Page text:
Douglass, Jeremy, William Huber und Lev Manovich: "Understanding scanlation. How to read one million fan-translated manga pages." In: Image [&] Narrative 12.1 (2011), S. 190–228, <http://www.imageandnarr ... rticle/viewFile/133/104>.
Added by: joachim (2011-03-29 20:11)
|Resource type: Web Article
BibTeX citation key: Douglass2011
Creators: Douglass, Huber, Manovich
Collection: Image [&] Narrative
|Attachments||URLs http://www.imagean ... e/viewFile/133/104|
One million fan-translated manga pages (“scanlations”) present new opportunities and challenges for studying global digital manga as it is produced and circulated in ways that cannot be easily described as “adaptation,” “remix,” or “transmedia.” In addition to using digital humanities approaches to metadata and network traffic analysis, we develop a new method. Using digital image analysis and media visualization to arrange image sets into graphs, we explore patterns within and across scanlation. This article employs three main types of media visualization: montages, comparisons, and image plots.
Montages of long-running manga series can expose variations over time in size, quality, and color; they highlight recurring visual structures such as flashbacks or two-page compositions; and they draw attention to the mashup aesthetics of scanlator-added credits pages, which differentiate themselves from the main narrative style in order to establish a distinct creative voice. Scan-style credits are fascinating exceptions to this strategy, while color analysis reveals traces of how scanlators not only construct their colorful identities, but also reconstruct an ideal black and white manga from cheap tinted newsprint originals.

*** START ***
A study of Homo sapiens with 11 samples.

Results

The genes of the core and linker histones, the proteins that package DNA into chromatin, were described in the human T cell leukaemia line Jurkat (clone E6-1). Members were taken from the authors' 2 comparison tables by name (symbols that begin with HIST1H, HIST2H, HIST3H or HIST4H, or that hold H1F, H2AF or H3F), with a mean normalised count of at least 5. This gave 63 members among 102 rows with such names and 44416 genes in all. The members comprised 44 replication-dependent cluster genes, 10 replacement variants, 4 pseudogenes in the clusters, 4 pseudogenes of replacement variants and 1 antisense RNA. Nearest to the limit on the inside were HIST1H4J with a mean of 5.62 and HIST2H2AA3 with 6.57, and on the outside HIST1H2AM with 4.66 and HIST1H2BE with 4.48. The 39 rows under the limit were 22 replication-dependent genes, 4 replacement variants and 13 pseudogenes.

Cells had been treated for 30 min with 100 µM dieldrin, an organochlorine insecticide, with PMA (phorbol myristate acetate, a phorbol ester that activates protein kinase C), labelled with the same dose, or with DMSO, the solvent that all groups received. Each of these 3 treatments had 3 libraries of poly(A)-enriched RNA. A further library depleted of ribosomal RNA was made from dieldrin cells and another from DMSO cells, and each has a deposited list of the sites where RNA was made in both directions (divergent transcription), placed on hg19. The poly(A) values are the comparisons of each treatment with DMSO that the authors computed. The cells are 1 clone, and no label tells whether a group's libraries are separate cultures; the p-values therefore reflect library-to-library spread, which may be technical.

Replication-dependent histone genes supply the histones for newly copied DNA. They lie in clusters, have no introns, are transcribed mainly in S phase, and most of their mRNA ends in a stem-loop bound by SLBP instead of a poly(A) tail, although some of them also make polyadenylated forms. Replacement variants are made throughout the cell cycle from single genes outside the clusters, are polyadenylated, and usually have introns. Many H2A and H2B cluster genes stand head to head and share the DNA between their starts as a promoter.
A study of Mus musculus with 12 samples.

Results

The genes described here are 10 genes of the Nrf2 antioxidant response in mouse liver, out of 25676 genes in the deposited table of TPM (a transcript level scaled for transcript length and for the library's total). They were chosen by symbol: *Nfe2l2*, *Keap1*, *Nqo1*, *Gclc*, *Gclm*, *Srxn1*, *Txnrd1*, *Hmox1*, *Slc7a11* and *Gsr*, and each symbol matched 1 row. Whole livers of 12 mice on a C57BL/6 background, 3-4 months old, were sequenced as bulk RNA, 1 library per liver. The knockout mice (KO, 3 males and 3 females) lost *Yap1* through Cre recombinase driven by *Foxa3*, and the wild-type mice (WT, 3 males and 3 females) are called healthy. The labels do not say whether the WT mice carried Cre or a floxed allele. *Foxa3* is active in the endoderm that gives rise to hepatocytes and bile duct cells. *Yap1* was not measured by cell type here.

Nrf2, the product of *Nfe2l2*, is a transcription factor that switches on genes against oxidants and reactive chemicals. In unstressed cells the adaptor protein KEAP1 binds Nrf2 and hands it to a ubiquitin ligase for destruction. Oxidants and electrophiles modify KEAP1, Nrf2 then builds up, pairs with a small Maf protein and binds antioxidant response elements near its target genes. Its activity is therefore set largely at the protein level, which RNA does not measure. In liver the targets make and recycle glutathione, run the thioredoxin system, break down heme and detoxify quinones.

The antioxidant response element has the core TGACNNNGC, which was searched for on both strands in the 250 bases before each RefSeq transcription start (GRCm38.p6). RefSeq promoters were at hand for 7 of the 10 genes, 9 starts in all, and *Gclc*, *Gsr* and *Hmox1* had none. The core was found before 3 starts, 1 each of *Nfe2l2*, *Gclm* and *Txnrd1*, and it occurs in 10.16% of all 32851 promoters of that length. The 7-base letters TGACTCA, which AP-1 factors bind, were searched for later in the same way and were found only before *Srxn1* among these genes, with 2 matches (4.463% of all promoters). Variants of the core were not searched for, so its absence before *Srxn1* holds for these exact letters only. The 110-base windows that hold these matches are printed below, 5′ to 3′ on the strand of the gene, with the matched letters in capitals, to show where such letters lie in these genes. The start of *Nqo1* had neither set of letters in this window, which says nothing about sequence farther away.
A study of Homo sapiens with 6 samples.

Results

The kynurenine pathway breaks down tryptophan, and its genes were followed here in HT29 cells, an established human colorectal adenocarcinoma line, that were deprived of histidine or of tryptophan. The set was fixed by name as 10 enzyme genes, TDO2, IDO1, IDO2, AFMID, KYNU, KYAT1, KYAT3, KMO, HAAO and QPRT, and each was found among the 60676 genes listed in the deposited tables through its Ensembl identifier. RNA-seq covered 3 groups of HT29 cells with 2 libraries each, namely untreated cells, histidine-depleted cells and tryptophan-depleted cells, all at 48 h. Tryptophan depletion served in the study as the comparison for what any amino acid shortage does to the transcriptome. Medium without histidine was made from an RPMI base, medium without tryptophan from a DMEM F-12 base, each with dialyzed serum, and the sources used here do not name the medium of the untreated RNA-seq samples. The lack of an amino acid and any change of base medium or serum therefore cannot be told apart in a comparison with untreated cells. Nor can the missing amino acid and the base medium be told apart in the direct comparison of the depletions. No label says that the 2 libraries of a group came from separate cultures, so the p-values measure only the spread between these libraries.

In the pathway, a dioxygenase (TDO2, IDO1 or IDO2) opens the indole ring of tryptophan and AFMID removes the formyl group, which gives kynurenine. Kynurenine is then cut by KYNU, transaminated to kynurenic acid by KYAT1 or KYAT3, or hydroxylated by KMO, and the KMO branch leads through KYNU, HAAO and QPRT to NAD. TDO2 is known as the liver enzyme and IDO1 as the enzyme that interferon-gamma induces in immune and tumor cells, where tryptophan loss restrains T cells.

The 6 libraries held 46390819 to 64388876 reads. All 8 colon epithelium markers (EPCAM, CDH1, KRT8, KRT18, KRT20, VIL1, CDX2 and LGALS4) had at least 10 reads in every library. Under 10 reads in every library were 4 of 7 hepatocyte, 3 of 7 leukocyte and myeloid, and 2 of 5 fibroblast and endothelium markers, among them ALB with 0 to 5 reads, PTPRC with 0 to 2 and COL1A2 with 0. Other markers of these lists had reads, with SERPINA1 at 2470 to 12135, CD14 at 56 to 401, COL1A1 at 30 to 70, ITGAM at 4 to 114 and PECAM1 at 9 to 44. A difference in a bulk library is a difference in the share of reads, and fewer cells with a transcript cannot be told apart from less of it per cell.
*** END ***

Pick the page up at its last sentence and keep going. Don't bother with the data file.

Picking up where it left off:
Comparison visualizations focus on differences between multiple versions of the same manga page, emphasizing a difference between foreignizing and domesticating translation aesthetics that appears in text, typography, and the treatment of sound effects and background art.
Finally, image plots suggest a way of locating any page or set within the “style space” of a cloud of one million related images. This scanlation cloud represents one of many "mangas" in the global “manga universe,” a set of related spaces ranging from OLM to dōjinshi. The project’s snapshot of 883 scanlated series from late 2009 captures a unique moment in scanlation as a cultural form, marks the ongoing development of global media culture, and invites broader understanding of cultures of unofficial versions and their methods of creativity.